Desde Dentro de Cuba.
Distribuido por Cuba Free Press, Inc. - http://www.cubafreepress.org
14 de Marzo del 2000
A FUTURE CHRONICLE ABOUT 'FREE ELIAN.' By Rafael Contreras, Cuba Free Press.
Pinar del Río.- Cuba, the year 2025. Lights! Cameras! Action! The action occurs on an ordinary corner of an ordinary street in Havana. The Cuban capital carries on as if had stopped in time. A policemen is arguing heatedly with a man just over 30. This person has a bundle in his right hand. The gendarme demands that he show what he carries inside the bundle.
The man grudgingly puts his hand in the nylon sack. He shows the policeman some paper flowers. The flowers are well-made by an artisan's hand, perhaps the same man who now argues with the policeman. The man has the face of an intelligent and calm person. All artisans are usually that way. The artisans have survived on the island thanks to chance. The policeman takes out his note book and writes and hands a note to the man.
The man appears to have exhausted his patience. "This is unfair, I don't have money to pay that fine."
The man in uniform looks at him and smiles with great irony. "That's your problem. You don't have a permit to sell those flowers on the street. I'm fining you and if you continue arguing, I will take you prisoner."
The victim realizes the policeman is talking seriously. The officer orders him to leave the corner immediately.
After walking awhile the street vendor stops and rests his tired feet in front of an imposing building. It is a structure which faces the sea. A line of people is in front of its entrance. A sign is written in Spanish and English: "Office of Interests of The United States in Cuba."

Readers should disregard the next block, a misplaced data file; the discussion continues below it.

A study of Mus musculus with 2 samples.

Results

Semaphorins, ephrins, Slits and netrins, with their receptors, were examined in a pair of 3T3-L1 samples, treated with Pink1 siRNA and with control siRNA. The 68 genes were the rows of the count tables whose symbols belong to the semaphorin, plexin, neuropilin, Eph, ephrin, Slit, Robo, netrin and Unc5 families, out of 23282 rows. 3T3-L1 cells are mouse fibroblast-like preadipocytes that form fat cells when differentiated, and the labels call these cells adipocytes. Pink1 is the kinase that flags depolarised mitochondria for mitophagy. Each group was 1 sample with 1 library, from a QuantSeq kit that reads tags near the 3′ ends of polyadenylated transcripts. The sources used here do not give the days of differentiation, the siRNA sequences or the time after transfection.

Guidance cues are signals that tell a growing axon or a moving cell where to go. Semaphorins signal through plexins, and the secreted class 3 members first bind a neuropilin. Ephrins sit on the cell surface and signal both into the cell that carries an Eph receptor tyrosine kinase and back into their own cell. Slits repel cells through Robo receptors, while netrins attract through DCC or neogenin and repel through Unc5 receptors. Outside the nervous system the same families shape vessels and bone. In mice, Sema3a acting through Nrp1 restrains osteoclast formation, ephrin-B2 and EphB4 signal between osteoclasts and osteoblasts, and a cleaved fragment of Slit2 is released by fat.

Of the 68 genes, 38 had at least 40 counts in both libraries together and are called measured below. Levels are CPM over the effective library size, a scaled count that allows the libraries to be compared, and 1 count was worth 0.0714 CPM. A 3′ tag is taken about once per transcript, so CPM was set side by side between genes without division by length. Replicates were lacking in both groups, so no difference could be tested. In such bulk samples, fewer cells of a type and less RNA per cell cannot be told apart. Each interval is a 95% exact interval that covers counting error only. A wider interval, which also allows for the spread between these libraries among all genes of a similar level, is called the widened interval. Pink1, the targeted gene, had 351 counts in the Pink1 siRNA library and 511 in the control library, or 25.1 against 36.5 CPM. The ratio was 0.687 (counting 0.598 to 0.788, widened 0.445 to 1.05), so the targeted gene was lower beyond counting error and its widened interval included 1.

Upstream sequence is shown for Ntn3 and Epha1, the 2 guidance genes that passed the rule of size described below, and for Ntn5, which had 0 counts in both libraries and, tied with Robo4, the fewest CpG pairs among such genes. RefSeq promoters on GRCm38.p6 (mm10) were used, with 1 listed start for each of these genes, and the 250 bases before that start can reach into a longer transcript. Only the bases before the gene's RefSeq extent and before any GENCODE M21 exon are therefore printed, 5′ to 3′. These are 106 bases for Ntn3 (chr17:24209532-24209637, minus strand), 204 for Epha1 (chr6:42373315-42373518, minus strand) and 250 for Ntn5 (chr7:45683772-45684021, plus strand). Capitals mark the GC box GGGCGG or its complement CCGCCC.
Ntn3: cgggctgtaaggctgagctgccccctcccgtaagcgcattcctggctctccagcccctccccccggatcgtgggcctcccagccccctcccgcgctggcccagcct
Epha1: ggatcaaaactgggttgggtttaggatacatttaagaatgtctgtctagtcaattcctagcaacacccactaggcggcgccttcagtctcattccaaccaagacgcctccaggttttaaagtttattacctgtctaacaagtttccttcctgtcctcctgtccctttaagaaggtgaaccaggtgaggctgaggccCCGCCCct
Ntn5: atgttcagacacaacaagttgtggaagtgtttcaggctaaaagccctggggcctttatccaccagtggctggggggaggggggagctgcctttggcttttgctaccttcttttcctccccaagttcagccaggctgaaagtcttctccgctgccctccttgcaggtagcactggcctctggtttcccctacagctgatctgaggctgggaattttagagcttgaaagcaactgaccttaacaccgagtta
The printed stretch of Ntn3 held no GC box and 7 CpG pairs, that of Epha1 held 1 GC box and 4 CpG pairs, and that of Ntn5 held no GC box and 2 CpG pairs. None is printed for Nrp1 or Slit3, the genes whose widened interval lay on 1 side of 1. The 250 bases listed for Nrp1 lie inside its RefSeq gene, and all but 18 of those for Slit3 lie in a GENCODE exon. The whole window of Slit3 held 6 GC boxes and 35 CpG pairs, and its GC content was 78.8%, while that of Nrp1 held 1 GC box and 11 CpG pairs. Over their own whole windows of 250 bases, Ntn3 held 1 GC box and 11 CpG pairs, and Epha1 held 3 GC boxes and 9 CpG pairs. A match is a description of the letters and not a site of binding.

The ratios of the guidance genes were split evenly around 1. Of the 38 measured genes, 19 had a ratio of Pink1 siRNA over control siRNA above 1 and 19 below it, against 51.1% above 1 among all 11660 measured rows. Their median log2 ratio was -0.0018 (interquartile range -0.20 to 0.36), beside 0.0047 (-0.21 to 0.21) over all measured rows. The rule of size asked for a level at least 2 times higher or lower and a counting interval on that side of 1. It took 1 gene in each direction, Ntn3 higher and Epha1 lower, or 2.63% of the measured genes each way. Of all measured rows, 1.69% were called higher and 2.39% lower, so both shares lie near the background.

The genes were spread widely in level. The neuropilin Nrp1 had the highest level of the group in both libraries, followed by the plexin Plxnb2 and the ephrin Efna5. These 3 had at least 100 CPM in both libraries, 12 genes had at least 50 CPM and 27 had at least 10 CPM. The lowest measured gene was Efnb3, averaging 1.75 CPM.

The man looks at those in line and then, at the top of his voice, starts to shout his protest: "Free Elián! Free Elián!"
Some people smile as they hear him while others, bolder, roar with laughter. No one doubts the insanity of the man who had just been fined. Then the guy takes some flowers out of his sack and continues his shouts of protest more enthusiastically.
Someone in the line comes up to him, "Listen, pal, you aren't well in the head."
The other answers, "Why do you tell me that?"
"Because that thing with the kid Elián happened 25 years ago. No one remembers that. They returned the boy back then. They brought him back here. That's water over the dam. Shout something else."
Those in line endorse what was said with chuckles.
That was when the fined seller looked at all of them and dropped the next clause like a thunderclap, "That was what was screwed up about the case, that they returned me. I am Elián González, my friends."
He let the bunch of flowers he carried in his hand drop to the ground and went away with tired steps, torn shoes and the bent back of an elderly youth. The people smiled and nodded and barely looked at the paper flowers, looking very wilted as they lay alongside the road.
Rafael Contreras Bueno, Cuba Free Press.